More than 100 homeowners showed up for a public hearing this week to endorse plans to reduce building densities and heights along a busy stretch of Centinela Avenue between National and Venice boulevards in Palms.
The zone change from R3-1 to RD1.5 would cut by nearly one half allowable future densities and would limit heights along the west side of Centinela to 33 feet. On the east side of the street, the height limit would be in effect between Palms and Venice boulevards. The rear third of most new buildings could not be higher than 25 feet to provide a buffer between the buildings and the existing single-family homes behind them.
Under the existing zoning, apartment units can be as small as 800 square feet of floor area. The new law would reduce density by requiring units of at least 1,500 square feet. The proposal would also require 2 parking spaces per rental unit and 2 1/2 parking spaces for each condominium unit in the area.
"Let there be no mistake that the majority of people who live in this area, drive its streets and breathe its air all share the opinion that continued out-of-scale development will have an irreversible negative impact on our community," said Gregory Thomas, spokesman for Homeowners Organized to Monitor their Environment, a group of about 500 residents opposed to more development in the area. "Our request for down-zoning is the only vehicle for controlling density."
The down-zoning plan will go before the city Planning Commission after a second public hearing, which has not yet been scheduled. It then goes before the City Council's Planning and Environment Committee and is subject to a final vote by the full City Council.
Although only a few new buildings have appeared in the area in recent years, Thomas said Centinela Avenue has been targeted by developers for future apartment complexes and condominiums. A Los Angeles Planning Department study found that 38% of properties in the area could be redeveloped under the existing R3-1 zoning.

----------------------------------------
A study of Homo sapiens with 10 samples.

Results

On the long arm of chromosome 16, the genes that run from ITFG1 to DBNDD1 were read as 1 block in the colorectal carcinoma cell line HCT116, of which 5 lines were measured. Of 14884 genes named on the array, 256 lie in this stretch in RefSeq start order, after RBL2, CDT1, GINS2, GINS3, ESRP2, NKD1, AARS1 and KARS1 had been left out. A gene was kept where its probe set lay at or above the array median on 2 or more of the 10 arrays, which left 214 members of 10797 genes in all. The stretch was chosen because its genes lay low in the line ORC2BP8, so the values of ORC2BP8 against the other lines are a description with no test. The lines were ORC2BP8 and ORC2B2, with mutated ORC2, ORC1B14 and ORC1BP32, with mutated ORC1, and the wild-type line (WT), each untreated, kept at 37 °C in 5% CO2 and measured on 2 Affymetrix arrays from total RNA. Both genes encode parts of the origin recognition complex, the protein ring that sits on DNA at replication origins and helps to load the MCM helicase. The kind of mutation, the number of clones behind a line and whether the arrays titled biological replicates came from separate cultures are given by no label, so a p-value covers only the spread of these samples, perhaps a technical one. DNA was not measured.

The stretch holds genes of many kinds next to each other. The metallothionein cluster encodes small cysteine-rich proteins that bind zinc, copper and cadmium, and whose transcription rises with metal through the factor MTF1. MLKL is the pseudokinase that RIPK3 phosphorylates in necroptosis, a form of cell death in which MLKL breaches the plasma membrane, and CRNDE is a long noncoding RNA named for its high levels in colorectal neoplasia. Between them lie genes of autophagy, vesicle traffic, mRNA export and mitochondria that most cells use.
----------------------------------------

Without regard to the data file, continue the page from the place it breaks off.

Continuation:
In addition, the city Department of Transportation has determined that traffic levels where Centinela intersects Palms and Venice boulevards are "unacceptable."
About 20 people, most of them apartment owners, said at the public hearing on Tuesday that they opposed the proposal.
James D. Gustafson, an attorney who owns an eight-unit apartment building on Centinela north of Palms Boulevard, said the plan would hurt property owners more than it would benefit residents. He said only about 120 people would move into the area if it were developed to its maximum under the existing zoning law.
"The hardship that is placed on a few owners is so egregious as compared to the benefit that could come from this," Gustafson said. "There isn't really a lot (of land) that could be developed." He said there are about six lots that can be redeveloped under the existing law.
Gustafson said the proposed zoning would allow him to add only one unit to his building, whereas the existing law permits him to construct a new building with more than twice as many units as the old one.
The down-zoning proposal grew out of a moratorium on new development along Centinela that went into effect in December, 1986. The moratorium was sponsored by Thomas, who gathered 130 signatures on a petition, and was supported by then-City Council President Pat Russell.
Thomas said a condominium complex was built on Woodgreen Street near Centinela after the developer complained he had vested rights in the property and obtained an exemption to the moratorium.
"It's on the residential part" of the neighborhood, Thomas said. "That's what made it so bad. This was very much of a residential street. That's what could happen to Westminster (Avenue), and we're trying to make sure that that does not happen."